Green energy: A viable alternative?
The government has pledged that 10% of the UK's energy will come from renewable energy sources by 2010 - a promise backed up by a £100m boost announced by Prime Minister Tony Blair on Tuesday.
Mark Johnston, Climate Solutions Campaigner with Friends of the Earth (FoE), says while environmentalists welcome Mr Blair's announcement, they would like to see the 10% target doubled.
But at present less than 3% of Britain's electricity comes from alternative sources and to Ian Fells, Professor of Energy Conversion at Newcastle University, achieving the target by 2010 would be "difficult".
BBC News Online asked both men to weigh up the benefits and problems of different sources of renewable energy.
Almost all the UK's electricity generated from renewable sources comes from the two hydroelectric dams in Scotland.
Benefits: Very powerful. A tried and tested form of energy production which has already proved successful.
Problems: Requires a dam to be built which environmentalists say risks disturbing river or estuarine ecosystems.
The structures are also large and expensive to build.
"We have run out of space for large hydro," says Ian Fells.
Wind power has created a lot of interest in recent years and is one of the world's fastest growing energy technologies.
There are about 60 wind farms around the UK and the first off-shore farm was opened last year off Blyth, Northumberland.
Benefits: The UK is one of the windiest countries in Europe so it makes sense to harness the energy.
According to Mark Johnston, the UK has the potential to provide three times its current energy requirements with wind power.
We could rely more heavily on this source in the winter when the weather is windier.
It is also cheap to harness.
Problems: Each wind turbine is large - about 70m across - and some people object to the idea of them dotting the landscape.
They generate a relatively low amount of power and Professor Fells reckons 1,500 turbines would have to be built by 2010 for 2.5% of our energy to come from the wind.
The wind does not blow all the time so we would need to use a battery technology to store the energy, which is expensive to do.
Tidal and wave energy
Waves can be used to turn a generator or turbine - as on Islay where the UK's first, and only, commercial wave power station was opened last November.
Tides can be used to fill a hydroelectric dam.
Benefits: As an island nation, Britain has a huge coastline which it could use for these forms of power.
"This would benefit the environment in two ways: by clearing up the Welsh countryside and by providing clean reusable energy," says Mark Johnston.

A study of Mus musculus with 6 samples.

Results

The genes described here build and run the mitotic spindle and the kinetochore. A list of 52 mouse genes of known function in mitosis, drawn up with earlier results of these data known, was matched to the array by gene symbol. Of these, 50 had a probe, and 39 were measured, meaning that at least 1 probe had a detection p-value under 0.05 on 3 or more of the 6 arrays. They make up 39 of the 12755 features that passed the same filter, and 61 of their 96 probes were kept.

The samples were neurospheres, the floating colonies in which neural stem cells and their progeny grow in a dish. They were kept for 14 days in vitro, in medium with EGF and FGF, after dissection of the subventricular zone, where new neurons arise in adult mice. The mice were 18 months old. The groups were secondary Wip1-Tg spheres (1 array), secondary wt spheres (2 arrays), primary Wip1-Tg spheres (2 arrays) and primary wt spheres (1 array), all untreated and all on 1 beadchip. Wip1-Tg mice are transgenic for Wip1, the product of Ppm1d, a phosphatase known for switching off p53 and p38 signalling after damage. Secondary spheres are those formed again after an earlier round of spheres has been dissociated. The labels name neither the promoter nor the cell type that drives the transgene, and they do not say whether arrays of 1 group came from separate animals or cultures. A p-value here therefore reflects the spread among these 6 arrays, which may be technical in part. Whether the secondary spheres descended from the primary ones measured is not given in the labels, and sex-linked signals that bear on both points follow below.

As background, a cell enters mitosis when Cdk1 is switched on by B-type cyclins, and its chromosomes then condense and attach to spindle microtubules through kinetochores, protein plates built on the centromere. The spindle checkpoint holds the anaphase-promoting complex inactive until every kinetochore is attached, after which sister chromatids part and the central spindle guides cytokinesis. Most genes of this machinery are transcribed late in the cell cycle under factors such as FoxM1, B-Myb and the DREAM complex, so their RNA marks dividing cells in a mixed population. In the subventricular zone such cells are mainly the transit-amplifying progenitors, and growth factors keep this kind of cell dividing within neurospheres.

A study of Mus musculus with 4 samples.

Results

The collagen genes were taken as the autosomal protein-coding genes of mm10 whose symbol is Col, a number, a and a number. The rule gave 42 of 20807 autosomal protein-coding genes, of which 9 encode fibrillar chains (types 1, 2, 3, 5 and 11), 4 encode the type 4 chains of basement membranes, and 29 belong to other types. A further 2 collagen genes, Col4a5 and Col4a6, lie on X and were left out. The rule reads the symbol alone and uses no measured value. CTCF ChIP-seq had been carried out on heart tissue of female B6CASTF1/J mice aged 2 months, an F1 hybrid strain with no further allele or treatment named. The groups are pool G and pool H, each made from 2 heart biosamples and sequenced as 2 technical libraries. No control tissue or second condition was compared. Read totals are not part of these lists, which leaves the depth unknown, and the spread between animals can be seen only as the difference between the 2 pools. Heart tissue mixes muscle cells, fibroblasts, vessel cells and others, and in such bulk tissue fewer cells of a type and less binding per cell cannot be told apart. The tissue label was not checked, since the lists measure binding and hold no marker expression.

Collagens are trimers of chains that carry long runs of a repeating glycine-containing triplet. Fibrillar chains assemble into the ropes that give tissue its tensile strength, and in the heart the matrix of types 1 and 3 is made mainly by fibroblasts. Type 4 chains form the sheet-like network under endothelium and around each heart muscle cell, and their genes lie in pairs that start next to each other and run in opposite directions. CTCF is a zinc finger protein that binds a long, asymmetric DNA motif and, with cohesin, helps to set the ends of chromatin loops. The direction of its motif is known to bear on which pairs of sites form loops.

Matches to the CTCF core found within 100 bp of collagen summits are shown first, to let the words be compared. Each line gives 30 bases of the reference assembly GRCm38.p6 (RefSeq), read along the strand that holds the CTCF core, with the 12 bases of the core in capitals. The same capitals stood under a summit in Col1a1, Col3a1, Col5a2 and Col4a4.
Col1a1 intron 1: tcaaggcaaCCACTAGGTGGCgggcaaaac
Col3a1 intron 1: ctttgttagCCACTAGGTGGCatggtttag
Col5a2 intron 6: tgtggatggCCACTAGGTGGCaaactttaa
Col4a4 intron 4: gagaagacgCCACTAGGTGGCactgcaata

Problems: The Islay power station only generates 500kw - a relatively low rate of power.
Ian Fells says 10,000 such stations would be needed around the Scottish coast to create as much power as the two nuclear power stations in Scotland.
There are few sites with a great enough difference between low and high tides to make harnessing tidal power possible.
Energy from the sun can be harnessed in solar cells - also called photo-voltaic cells. These can be small enough to meet specific energy needs such as heating a house's water or grouped together in large banks.
We could rely on this source more in the summer although at least one company has developed a cell which can be used in low light and possibly even moonlight.
Problems: It is expensive to harness so it would need a high level of subsidy to make it viable.
As with wind, this is an intermittent source of energy which might need a battery technology to make it reliable.
Biomass or crop fuel
Fast growing plants such as willow or elephant grass can be harvested and turned into woodchips which can then burnt in power stations.
Benefits: A "smart source of energy" says Mark Johnston - it is cheap, easy and quick to develop.
"We also hope that biomass could be a way to rescue the rural economy," he says.
In a combined heat and power plant (CHP), as well as turning a turbine in the same way as fossil fuels, the heat created, which is normally discarded as a worthless byproduct, could be used to provide steam for industrial processes or hot water and heating for rooms at the power station. This would greatly increase energy efficiency.
Problems: Huge amounts of crops would need to be grown in order to make the use of biomass worthwhile.
"To provide half the electricity which comes from Dungeness nuclear power station in Kent, you would have to cover the whole of Kent with trees," says Ian Fells.